Day 6 of the WSOP Main Event shows a shift in the meaning of 'social'

14 July 2015

LAS VEGAS -- Poker is always called a "social game." In home games, where most poker (in the U.S.) is played, that statement is true. But once you leave the friendly confines of the home game, it rings hollow. In competitive poker -- and especially in tournament poker -- the poker player is truly alone.

That's not true in other individual sports and games. Golfers lean on the advice and support of caddies. Tennis players can look to their coaches for emotional support and surreptitious coaching. Gymnasts can talk to their coaches in between events.

But poker players? They're on their own. They have no help on the felt. Each decision a poker player makes is his decision and his decision alone. Poker players have to own their mistakes. They have to shake off bad luck. They have to temper their successes. And they have to do all of that on their own.

When the stakes are high, as they are right now at the World Series of Poker Main Event, a single decision can be the difference between winning $137,000 and $7.6 million.

Every table was a TV table on Day 6 of the World Series of Poker Main Event.

Every table was a TV table on Day 6 of the World Series of Poker Main Event. (photo by Vin Narayanan, Casino City)

In that context, the paucity of social interaction in today's game is understandable. Between the online poker roots of many of the players, the high stakes of the moment and the fact that most of these players just don't know each other (this isn't 1998 where the same 300 people played in every tournament), it's no wonder that the actual game of poker is a solitary experience.

But as social interaction has fled the table, it has grown away from the felt.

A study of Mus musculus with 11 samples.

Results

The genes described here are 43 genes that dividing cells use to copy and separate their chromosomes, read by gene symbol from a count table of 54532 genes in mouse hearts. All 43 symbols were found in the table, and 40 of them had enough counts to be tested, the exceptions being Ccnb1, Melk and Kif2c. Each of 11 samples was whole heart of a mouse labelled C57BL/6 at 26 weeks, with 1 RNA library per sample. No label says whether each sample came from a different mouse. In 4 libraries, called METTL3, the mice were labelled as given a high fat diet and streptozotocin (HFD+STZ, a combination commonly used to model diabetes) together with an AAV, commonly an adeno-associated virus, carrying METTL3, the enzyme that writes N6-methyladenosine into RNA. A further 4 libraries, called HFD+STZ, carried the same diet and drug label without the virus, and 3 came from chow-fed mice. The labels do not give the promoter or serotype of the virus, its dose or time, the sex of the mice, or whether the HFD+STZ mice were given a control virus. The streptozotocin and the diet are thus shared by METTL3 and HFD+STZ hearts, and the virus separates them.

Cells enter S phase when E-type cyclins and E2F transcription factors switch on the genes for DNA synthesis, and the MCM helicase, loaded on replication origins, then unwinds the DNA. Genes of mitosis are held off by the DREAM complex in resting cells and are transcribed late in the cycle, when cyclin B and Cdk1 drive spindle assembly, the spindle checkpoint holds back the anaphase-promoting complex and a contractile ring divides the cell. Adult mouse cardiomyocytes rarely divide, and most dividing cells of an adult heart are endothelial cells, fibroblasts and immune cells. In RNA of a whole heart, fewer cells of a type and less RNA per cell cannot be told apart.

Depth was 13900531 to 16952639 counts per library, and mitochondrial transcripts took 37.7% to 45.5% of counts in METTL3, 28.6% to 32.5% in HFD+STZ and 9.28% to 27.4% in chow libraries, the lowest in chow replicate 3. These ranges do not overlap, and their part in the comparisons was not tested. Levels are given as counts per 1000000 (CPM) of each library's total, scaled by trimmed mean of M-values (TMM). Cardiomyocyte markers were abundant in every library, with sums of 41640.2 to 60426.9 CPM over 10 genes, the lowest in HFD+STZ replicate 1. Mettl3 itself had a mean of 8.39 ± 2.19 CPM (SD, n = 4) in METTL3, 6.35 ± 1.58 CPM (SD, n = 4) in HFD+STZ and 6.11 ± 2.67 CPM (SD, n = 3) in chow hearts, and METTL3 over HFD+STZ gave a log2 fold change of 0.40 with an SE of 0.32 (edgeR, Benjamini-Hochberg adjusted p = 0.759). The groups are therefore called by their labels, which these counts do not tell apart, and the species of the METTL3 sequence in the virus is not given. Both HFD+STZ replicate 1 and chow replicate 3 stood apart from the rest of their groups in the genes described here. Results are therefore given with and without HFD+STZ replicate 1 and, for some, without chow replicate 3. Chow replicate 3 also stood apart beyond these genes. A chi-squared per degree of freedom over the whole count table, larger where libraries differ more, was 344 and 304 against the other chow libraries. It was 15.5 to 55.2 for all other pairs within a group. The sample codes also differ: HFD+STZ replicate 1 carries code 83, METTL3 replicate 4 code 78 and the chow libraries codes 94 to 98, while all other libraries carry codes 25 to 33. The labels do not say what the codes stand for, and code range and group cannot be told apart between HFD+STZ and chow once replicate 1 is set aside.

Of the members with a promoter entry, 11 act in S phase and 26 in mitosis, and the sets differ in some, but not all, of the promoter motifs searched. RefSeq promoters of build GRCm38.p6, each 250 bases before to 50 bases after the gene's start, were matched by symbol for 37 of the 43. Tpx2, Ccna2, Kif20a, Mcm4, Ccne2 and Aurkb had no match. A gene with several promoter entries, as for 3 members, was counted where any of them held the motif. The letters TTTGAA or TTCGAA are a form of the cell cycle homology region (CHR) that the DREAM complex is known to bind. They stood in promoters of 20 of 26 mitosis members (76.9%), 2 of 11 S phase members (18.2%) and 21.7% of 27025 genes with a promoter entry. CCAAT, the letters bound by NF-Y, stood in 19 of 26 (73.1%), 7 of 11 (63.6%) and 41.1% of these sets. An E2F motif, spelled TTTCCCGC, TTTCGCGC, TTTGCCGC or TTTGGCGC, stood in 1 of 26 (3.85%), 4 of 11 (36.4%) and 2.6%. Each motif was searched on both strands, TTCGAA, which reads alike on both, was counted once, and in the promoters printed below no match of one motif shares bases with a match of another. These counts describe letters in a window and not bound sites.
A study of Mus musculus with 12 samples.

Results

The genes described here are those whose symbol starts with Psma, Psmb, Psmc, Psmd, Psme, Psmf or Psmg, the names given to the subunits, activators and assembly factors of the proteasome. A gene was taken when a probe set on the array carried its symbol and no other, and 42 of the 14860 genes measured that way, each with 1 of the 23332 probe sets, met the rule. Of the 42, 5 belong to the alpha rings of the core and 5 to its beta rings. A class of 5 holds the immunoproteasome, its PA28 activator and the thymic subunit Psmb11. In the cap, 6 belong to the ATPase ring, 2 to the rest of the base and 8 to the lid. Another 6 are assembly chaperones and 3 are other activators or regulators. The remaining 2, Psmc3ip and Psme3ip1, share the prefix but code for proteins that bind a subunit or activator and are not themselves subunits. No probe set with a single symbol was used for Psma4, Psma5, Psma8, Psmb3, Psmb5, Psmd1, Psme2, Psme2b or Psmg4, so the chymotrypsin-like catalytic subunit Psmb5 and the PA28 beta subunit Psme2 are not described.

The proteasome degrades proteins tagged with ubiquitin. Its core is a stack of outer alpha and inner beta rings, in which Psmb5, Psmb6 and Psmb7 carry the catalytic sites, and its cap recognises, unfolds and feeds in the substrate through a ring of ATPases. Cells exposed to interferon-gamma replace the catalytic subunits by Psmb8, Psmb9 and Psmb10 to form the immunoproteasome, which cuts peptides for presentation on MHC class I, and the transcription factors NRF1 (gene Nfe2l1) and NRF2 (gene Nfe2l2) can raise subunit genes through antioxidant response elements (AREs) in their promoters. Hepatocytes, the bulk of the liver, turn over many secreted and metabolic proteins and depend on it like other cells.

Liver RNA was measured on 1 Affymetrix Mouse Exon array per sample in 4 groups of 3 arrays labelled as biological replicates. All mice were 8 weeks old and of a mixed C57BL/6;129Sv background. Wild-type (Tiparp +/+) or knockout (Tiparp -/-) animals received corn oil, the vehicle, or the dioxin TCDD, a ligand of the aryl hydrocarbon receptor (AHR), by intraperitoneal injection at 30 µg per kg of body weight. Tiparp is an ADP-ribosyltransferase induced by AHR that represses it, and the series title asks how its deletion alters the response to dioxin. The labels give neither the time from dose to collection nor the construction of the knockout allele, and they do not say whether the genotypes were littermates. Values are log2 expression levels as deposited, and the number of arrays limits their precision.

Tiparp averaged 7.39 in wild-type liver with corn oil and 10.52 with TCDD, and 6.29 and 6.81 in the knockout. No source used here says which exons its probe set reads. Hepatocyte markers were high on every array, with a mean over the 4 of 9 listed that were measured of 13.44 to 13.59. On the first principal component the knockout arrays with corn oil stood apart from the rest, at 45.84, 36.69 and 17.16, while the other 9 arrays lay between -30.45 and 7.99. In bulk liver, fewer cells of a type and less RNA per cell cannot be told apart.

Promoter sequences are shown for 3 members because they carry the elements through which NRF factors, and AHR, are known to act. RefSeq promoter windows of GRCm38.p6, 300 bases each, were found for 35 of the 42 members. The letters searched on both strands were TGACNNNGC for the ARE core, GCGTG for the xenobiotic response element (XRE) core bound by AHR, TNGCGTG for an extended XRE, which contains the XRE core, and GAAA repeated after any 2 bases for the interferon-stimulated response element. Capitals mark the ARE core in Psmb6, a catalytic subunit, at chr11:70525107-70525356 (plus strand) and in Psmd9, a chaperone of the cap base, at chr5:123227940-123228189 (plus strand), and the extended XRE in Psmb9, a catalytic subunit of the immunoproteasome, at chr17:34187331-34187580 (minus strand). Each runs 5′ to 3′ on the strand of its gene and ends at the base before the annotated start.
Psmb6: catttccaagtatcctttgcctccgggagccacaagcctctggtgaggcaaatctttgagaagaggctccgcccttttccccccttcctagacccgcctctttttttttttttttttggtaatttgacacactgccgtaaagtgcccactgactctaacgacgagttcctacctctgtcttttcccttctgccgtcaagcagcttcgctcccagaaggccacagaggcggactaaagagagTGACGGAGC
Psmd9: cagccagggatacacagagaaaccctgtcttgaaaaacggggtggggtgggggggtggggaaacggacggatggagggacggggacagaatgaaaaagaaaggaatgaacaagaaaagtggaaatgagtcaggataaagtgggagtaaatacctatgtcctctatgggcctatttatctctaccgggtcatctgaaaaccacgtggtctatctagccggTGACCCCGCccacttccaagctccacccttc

In the virtual world, the social side of poker can be seen on Twitter and in various forums, where players share anything and everything about poker. In real life, it takes on a different form.

Some players share a house during the WSOP. Other players work together to improve their games. And in the biggest moments, they provide morale and good cheer. Nowhere was that more evident than on Day 6 of the Main Event.

Mark Kroon busted out of the Main Event Monday in 43th place. And watching him play for a good part of the day was Phil Hellmuth. Kroon, who calls Madison, Wisconsin, home and Hellmuth, who is originally from Wisconsin, are longtime friends. The two are so close that Kroon was sporting a "What Would Phil Do?" t-shirt.

Jason Rosenberg, who became friends with Kroon during his days in Madison, made a point of coming over to watch his friend during breaks in the Daily Deepstack tournament he was playing in.

Other people in the Kroon camp enjoyed watching him from the rail as well. The camaraderie they showed was remarkable. If you were looking for the social side of poker, it was sitting right there on the rail.

Brian Hastings, who won two bracelets earlier this summer, busted out of the Main Event in spectacular fashion Monday when he pushed all in pre-flop for around 5.5 million in chips with pocket kings after a series of raises. John Hinds had Hastings covered (though not by much) and called with pocket aces. The aces held up, and Hastings exited the tournament in 49th place.

After Hastings' elimination was announced, some players made a special trip to the Rio to either give him a hug or commiserate.

We need to rethink what it means when we call poker a social game. The poker scene is definitely social. The poker game -- not so much. And maybe that's OK.

There are 27 players remaining in the Main Event. Thomas Kearney leads the field with 14.4 million in chips. Matt Guan (14.23 million), Erasmus Morfe (12.085 million), Joseph McKeehen (11.975 million) and Mario Sequeira (11.865 million) round out the top five. Daniel Negreanu is ninth in chips with 8.495 million. The Main Event champion wins $7.68 million.

Notes
The last woman in the tournament, Kelly Minkin, finished in 29th place. She won $211,821 for her efforts.

James Magner folded pocket queens in the big blind to an early-position bet of 300,000 from Thomas Cannuli late in the night with 31 players still remaining. Magner had about 3.6 million in chips and 31 big blinds when he folded. The reaction from press row was not charitable.

The most raucous hand of the day came on a three-way all in. Randall Clinger was the first to push all in for 1.45 million with pocket queens. Hans Joaquim Hein moved all in next for about 3.8 million with ace-king suited. And Kearney called with pocket aces. Kearney's aces held up, giving him a double elimination. Clinger finished in 33rd. Hein finished in 32nd. Both won $211,821.